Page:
A truly great work of art: ability to attract the attention of its audience, invoking passion and strong emotion in them while at the same time, allowing for artists to disseminate their message clearly through their work. It may not necessarily be in terms of pricing. An expensive piece of art may not be truly great if it does not fulfil these conditions.
First and foremost, an artwork must have the basic quality of being aesthetically pleasing in order to make a strong impression on its viewers. Form, colour, composition and the like are a testament to an artist’s mastery over his craft. It is such qualities which invite viewers to analyze the artwork at a closer level. FX Harsono’s installation of butterflies arranged as fine dining food was only so successful because of the artist’s tasteful arrangement of the dead insects in a tidy fashion, emulating the arrangement of food in a restaurant. Without this, the work would have been considered a hideous desecration of nature, abusing carcasses of life forms for the sake of art. Even in the modern art world where installations are the most prevalent medium, artists still respect the very basic needs of composition and form in the creation of their artworks.
Indeed, strong and powerful symbolic elements are required to be present in an artwork should it even desire to be considered a great work in the first place. American artist Joseph Beuys often made use of felt and fat in his performance pieces to symbolize warmth and a sense of claustrophobia; the use of these materials eventually became a symbolic trademark of all his famous artworks such as ” I like America and America Likes me”. The symbolic value of aesthetics enables an artist to use his artwork to relate with the audience, even with those who are not practitioners of art.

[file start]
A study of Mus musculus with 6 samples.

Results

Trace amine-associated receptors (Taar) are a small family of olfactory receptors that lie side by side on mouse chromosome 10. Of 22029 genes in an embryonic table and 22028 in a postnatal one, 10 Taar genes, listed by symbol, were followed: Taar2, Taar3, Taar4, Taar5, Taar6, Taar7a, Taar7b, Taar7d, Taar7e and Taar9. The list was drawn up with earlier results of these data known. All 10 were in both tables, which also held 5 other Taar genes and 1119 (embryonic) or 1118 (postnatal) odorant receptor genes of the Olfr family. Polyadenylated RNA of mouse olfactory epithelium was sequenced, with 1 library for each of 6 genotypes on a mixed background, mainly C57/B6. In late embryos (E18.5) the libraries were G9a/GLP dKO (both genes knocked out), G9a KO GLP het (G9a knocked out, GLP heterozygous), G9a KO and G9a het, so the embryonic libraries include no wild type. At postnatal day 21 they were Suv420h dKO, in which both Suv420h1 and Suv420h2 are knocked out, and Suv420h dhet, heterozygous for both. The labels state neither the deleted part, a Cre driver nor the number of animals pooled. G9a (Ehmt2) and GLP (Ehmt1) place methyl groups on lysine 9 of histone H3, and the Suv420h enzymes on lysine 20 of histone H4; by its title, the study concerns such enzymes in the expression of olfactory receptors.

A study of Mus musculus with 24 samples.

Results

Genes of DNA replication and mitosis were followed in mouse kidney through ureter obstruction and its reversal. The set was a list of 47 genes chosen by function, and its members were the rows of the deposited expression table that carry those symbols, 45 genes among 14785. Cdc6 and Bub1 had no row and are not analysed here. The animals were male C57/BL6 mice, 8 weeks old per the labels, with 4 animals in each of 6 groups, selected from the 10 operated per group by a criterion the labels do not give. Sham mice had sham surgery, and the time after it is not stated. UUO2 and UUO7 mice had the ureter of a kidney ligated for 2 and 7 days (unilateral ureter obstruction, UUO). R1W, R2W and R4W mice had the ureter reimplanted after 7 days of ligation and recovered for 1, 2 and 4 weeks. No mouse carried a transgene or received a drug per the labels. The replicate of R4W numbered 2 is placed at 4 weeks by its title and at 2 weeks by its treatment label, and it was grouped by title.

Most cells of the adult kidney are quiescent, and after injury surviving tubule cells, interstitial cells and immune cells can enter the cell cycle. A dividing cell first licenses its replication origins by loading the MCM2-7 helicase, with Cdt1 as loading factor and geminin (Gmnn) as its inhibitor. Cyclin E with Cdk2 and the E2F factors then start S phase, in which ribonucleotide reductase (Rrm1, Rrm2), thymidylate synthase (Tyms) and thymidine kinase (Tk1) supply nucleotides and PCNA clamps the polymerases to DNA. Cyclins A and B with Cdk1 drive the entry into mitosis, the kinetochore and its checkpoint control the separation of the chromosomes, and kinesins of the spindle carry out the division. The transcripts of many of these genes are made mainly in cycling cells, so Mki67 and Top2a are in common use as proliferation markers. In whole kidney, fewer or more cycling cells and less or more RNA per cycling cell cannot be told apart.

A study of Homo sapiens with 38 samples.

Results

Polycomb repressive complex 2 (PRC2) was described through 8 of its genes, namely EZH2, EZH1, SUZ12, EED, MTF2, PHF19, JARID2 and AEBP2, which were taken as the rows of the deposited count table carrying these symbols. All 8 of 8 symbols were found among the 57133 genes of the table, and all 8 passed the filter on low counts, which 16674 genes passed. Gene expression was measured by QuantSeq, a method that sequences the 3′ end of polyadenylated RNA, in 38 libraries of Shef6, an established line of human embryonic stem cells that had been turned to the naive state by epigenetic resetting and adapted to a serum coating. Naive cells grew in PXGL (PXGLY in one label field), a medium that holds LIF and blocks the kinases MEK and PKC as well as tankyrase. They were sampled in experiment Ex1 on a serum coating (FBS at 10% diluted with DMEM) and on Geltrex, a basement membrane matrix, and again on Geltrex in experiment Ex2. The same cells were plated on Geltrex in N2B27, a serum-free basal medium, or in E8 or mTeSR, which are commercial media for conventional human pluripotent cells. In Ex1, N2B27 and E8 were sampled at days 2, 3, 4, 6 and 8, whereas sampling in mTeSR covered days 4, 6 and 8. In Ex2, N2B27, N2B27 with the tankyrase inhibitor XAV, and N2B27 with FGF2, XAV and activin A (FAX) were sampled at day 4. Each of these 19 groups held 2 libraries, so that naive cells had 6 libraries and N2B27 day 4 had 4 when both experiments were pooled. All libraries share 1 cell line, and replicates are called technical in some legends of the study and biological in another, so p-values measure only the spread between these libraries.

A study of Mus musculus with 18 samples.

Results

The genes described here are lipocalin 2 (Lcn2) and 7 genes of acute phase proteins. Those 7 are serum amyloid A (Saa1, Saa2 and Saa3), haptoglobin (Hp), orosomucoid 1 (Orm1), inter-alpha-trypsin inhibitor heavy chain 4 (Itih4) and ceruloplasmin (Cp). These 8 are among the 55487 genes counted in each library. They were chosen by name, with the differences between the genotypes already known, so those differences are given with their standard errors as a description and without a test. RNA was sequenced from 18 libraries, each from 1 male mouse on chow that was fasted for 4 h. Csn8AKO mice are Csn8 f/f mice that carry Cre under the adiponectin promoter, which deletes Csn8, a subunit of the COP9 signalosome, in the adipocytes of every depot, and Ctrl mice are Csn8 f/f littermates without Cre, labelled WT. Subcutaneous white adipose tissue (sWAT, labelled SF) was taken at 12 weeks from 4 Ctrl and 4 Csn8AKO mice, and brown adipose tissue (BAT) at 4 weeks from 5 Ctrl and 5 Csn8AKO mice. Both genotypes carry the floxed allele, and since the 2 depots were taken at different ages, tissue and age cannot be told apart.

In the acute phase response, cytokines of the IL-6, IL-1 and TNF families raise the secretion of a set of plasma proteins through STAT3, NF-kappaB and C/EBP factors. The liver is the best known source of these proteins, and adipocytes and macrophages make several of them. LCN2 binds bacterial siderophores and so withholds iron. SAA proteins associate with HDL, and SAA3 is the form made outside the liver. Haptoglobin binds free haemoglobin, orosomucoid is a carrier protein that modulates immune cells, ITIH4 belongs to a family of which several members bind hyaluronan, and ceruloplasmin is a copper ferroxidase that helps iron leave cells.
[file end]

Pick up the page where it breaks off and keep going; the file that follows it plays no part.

A controversial side to assessing the greatness of art lies in the name of the artist affecting the value of his works. The public and even members of the artistic community are sometimes guilty of the over-glorification of works done by famous artists. For instance many of Andy Warhol’s artworks gained much attention and acclaim despite their being variations of his past works. His prints of celebrities are mere variations of his Campbell soup prints along with his various Mao Tse Tung colour renditions. Critiques and viewers often overanalyze Warhol’s works and those of other artists, such as Damien Hirst’s display of dead animals in tanks. The name of the artist does in fact affect our opinion of their artworks, giving them far more credit than they are worth.
Therefore, an artist’s skill, concept and even the era he was born in would determine the very success of his works while those who fail to meet these requirements would eventually become nameless and unrecognized…
Ps: note that this is just a snapshot of some of the pointers for this essay… it has been contributed by an ex student whose essay was published in his school handbook.